Italy after the election: Meloni’s balancing act

By Andrea De Petris

Giorgia Meloni won the parliamentary elections in Italy. Her Fratelli d’Italia party is clearly the strongest party in the center-right coalition. Not least remarkable is the low voter turnout. Less than 64 percent of eligible voters went to the polls, compared with 73 percent in 2018: a sign that a substantial part of the electorate is dissatisfied with the political offer.

At this point, however, it is clear that it will be up to Meloni to form the next government, the first government led by a woman in the history of the Italian Republic. The Fratelli d’Italia result is seen not only as a victory for sovereigntists and Euroskeptics but also as a success for post-fascist circles, and many fear for the resilience of the EU after the change of government.

But perhaps this judgment needs to be supplemented with further information. Having remained in opposition for the entire legislative period since 2018, Giorgia Meloni was able to present herself to voters as a real political alternative, unlike her coalition partners Salvini and Berlusconi. Many of those who were dissatisfied with the handling of the pandemic or concerned about rising energy costs saw her as a “new face” who should be given the chance to lead the country.

EU funds tied to reform course

The fact that Meloni has been in politics for more than twenty years and has also been a minister obviously had little influence on this election. So it was mainly dissatisfaction and fear, rather than a genuine yearning for fascism, which is certainly present in the right-wing electorate, that gave the Fratelli d’Italia so many votes.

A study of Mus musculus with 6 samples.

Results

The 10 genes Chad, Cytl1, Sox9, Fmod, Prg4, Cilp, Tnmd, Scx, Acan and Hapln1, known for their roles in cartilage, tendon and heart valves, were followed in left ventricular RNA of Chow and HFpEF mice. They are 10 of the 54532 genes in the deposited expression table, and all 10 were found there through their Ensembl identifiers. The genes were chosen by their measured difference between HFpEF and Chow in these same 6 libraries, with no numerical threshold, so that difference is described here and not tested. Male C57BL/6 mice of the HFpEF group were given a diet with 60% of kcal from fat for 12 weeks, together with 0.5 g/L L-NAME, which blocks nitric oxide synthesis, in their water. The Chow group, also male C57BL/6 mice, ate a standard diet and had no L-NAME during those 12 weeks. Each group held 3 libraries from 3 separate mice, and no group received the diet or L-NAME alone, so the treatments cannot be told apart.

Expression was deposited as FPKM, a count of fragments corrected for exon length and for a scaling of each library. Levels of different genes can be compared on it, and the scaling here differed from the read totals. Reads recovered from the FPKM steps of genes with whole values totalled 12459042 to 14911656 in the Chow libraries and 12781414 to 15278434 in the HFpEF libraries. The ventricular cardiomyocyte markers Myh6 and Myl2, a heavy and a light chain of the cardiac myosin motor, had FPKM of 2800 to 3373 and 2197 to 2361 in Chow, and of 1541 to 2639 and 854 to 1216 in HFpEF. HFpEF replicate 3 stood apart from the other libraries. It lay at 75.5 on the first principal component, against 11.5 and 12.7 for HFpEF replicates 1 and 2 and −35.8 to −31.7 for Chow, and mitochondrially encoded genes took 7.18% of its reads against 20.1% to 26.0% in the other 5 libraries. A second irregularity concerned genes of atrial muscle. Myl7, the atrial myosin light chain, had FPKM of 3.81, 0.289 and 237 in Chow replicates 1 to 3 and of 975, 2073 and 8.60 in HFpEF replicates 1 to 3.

In any case, the Italian economy remains weak and highly dependent on economic aid from the Recovery Fund. However, to continue receiving the funds, Italy must continue on the reform path agreed with Brussels by the Draghi government. Meloni will, therefore, not be able to deviate significantly from this path once she has replaced Draghi, unless the disbursement of EU funds is jeopardized.

Meloni has repeatedly stated that she does not want to increase the national debt, which shows that, at least in the area of the economy, she has no intention of messing with Brussels and Frankfurt. If, on the other hand, the head of the Fratelli d’Italia decides to follow in the footsteps of Hungary and Poland, she would risk being treated by the EU institutions in the same way as Budapest and Warsaw, and she cannot afford that if she wants to establish herself as a credible prime minister in the rest of Europe as well.

Room for Salvini and Berlusconi

Meloni’s overwhelming victory in her coalition, therefore, forces her to perform a double balancing act for the foreseeable future: externally vis-à-vis Europe, to avoid conflicts, and within her coalition, where Salvini’s Lega, in particular, received far fewer votes than expected. Here, Meloni will have to take care to make her party’s signature recognizable in the government, while at the same time giving Salvini and Berlusconi enough room to make contributions to government activities that will also be appreciated by their voters.

Italy has long been accustomed to massive shifts of votes from one party to another and to the formation of unstable governments due to changing parliamentary majorities during the legislative period. The next government will be able to rely on a clear majority in both houses, but that was also the case with previous governments. We will see whether Meloni can distinguish herself in this respect and keep her cabinet in office for the duration of the legislative period until 2027.

Andrea De Petris is scientific director of the Centro Politiche Europee (CEP) in Rome.